John Ferreri submitted this item on "The Greatest Generation" of obsolete banknote collectors.
After speaking with a few other collectors regarding James Curto and some of his contemporaries of the 1960s & '70s I realize how fortunate I have been to become involved with obsolete banknote collecting at that time. So many of what I now call "The Greatest Generation" of banknote collectors were contributing to the general knowledge of this field and nurturing some neophytes like me to become involved. These men and women truly cared for the hobby and wanted to expound the ideals they shared regarding it. They were mostly collectors first and dealers next when the time to reduce their collections had arrived.
Men like George Wait, Richard Hoober, Ralph Goldstone, and Jim Curto were all at the top of their game 40 years ago when I started to collect. What impressed me and set these collectors apart was the attention they gave to me as a beginning obsolete banknote collector and the importance of ferreting out information regarding these notes.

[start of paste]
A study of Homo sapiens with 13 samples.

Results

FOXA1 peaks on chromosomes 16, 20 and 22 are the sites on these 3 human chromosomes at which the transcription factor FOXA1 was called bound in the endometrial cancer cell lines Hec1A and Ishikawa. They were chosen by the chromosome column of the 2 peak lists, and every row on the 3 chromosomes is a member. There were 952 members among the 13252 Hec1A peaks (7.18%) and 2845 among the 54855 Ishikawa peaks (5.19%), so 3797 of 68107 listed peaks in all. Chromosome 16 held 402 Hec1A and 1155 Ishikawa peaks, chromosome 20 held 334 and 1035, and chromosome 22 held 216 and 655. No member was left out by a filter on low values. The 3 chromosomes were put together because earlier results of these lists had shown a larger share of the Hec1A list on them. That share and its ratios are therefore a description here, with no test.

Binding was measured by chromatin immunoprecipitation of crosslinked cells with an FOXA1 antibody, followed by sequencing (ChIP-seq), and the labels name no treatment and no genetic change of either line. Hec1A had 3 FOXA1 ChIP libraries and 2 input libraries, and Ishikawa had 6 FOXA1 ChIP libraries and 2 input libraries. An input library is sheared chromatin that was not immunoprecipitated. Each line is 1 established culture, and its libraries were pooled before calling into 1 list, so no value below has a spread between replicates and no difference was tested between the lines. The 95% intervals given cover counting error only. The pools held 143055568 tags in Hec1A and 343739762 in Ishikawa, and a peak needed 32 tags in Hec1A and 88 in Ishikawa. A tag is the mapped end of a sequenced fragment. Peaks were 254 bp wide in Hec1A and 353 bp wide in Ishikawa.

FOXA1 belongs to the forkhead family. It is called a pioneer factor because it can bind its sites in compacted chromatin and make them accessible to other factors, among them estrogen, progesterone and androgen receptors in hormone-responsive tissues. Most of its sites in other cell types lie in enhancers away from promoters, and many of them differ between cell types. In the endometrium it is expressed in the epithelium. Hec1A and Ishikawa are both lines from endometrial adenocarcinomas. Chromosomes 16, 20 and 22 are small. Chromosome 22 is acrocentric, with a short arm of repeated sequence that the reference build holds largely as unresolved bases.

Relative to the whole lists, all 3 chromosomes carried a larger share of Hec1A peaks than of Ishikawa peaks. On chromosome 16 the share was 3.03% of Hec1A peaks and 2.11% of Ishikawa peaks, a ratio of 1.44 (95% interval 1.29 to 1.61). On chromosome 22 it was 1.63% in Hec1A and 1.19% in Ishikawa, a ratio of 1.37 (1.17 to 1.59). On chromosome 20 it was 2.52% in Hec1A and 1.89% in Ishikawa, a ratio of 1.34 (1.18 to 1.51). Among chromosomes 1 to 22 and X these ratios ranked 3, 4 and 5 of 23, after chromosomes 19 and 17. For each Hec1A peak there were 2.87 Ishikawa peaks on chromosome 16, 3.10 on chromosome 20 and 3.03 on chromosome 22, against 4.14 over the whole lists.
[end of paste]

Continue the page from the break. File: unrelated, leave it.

Twice I visited George Wait at home and was offered the pick of his banknote litter which he said, could be paid for later. He trustingly let me go home with his collection and to send quarterly payments when I could. He once gave me a short tour of Bloomfield, NJ in order to point out the house that "Yogi" Berra lived in.
Soft spoken Dick Hoober always supplied information on the notes he offered for sale and was always appreciative of information or trades coming his way. A sale wasn't complete until we talked back and forth about the design, vignettes, etc. None of our mailings were done by Insured Express, Priority Mail, Fedex or other "-positively overnight" delivery choices. Three day, uninsured, plain envelope and no Mylar holder was the mailing method du jur. There was never any reason to claim mail fraud. We met only once or twice at conventions, somewhere. In person he was even more of a gentleman than I previously had imagined.
Ralph Goldstone took me to his vault in the bank below his office and said "take home what ever you like and get back to me later". This was on the first day I met him. Was business usually conducted like this?
My experience with Jim Curto, another true gentleman, is related in a previous issue of The E-Sylum. These were the days when you had a hard time finding a dealer at a coin show who even knew what broken banknotes were. After showing an example to one dealer he asked, "what's broken about it"?
I'll bet other collectors have had similar experiences with "the greatest generation" of banknote collectors. Maybe they would like to share those memories with us.
Thanks for the great stories. These first-person accounts are what's best about The E-Sylum. So - who will chime in with the next story about old-time dealers and collectors?